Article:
A message to my teachers:
Sometimes an event is so important that it must always be remembered for its critical impact on our lives. On September 25, 1957 nine black students entered an all-white Central High School in Little Rock, Arkansas. Though they had attempted to enter the front doors of the school since September 4, their walk through the front doors was not done until September 25.
What may seem as a “so what?” moment for us now was nothing less than an act of absolute bravery for those nine young students and for President Eisenhower. Could you imagine the feeling of walking into a school, being spit on, pelted with garbage, and threatened to be lynched… all because you wanted your fair shot at an education? I’m not sure many people I know could have dealt with that.
This historical event has me thinking about how very little the majority of our students understand about struggle, pressure, or life being difficult. If these nine students could endure twenty days of hell just to get into a school building, then why can’t our students endure your reading demands – your performance or writing expectations – or our pushing them to do better with the gift of a free public education? The way I see it, our students have no excuses and little to complain about. In fact, a little more pressure and push would do them a lot of good.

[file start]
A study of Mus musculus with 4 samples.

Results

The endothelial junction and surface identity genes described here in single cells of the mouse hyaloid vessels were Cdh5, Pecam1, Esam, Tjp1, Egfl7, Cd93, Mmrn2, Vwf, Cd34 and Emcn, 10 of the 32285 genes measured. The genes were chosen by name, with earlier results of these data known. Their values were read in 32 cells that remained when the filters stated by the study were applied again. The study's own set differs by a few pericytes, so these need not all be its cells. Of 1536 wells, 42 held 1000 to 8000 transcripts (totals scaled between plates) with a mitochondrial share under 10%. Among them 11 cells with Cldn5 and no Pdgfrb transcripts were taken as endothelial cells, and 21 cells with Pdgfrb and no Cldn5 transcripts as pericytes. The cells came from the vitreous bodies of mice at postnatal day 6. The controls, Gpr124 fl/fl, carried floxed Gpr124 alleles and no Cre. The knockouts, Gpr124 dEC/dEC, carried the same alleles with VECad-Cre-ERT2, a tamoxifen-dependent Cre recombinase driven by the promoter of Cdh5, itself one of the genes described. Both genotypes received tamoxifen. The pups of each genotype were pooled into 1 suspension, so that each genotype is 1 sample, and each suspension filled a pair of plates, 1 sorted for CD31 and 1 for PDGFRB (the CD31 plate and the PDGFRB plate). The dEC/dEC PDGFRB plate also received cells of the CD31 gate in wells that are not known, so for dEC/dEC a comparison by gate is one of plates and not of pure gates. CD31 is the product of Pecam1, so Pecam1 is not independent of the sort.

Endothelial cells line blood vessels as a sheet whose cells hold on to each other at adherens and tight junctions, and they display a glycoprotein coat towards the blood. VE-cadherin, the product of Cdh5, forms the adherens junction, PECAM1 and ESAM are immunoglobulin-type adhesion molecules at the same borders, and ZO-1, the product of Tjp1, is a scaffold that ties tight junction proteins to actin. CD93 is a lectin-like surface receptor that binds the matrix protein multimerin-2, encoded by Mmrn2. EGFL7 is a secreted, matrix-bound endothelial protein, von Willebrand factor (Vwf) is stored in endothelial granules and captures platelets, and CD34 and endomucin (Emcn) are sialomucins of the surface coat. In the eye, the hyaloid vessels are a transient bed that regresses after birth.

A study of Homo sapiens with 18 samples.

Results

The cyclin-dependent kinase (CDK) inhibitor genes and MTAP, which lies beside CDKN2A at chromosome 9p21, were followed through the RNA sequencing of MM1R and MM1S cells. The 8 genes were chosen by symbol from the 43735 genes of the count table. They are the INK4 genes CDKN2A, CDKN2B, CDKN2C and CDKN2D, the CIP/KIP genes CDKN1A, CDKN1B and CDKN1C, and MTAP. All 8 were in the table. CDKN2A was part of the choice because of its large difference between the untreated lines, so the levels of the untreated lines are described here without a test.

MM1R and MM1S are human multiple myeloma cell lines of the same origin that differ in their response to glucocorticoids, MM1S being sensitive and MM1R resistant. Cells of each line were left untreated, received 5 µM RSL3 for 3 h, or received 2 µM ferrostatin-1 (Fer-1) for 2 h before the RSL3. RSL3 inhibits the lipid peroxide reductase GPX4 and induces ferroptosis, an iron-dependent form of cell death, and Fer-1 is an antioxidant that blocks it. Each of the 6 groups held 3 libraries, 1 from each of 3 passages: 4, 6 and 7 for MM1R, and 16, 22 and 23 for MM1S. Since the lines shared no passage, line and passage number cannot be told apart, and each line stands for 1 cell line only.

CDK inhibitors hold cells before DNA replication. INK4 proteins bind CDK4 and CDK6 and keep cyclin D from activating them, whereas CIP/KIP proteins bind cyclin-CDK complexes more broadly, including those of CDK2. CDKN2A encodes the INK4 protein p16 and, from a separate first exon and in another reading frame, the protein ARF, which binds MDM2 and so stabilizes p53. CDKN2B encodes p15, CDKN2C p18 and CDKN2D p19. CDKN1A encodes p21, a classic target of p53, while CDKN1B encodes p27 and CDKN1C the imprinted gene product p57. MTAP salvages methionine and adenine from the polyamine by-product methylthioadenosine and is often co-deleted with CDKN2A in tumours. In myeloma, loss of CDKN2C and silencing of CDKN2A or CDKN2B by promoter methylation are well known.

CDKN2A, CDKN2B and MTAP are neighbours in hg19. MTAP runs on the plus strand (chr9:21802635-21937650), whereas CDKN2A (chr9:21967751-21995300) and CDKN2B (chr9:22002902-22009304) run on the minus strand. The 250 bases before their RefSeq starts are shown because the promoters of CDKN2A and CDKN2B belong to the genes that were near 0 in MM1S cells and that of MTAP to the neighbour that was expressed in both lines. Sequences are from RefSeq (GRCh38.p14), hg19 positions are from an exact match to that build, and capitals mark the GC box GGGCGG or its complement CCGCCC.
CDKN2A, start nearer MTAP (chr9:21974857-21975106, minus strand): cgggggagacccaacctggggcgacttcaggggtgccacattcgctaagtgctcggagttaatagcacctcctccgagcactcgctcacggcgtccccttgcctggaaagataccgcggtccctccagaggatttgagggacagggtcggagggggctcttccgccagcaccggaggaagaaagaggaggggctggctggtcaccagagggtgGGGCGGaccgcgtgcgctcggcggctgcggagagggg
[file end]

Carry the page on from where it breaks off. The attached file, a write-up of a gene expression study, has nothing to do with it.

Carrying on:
“[Federal] Troops remained at Central High School throughout the school year, but still the black students were subjected to verbal and physical assaults from a faction of white students. Melba Patillo, one of the nine, had acid thrown in her eyes, and Elizabeth Eckford was pushed down a flight of stairs. The three male students in the group were subjected to more conventional beatings. Minnijean Brown was suspended after dumping a bowl of chili over the head of a taunting white student. She was later suspended for the rest of the year after continuing to fight back. The other eight students consistently turned the other cheek. On May 27, 1958, Ernest Green, the only senior in the group, became the first black to graduate from Central High School.”
If we are looking to give students a reason why they should care about education or integrity, we can begin with telling the story of the Little Rock Nine. Their desire for an education cost them dearly. Can our (your) students pay a price that isn’t so costly? If they tell you “this is too hard”, tell them they don’t know hardship until they have to nearly die for the chance to learn.
Keep pushing… keep demanding… that’s what learning is.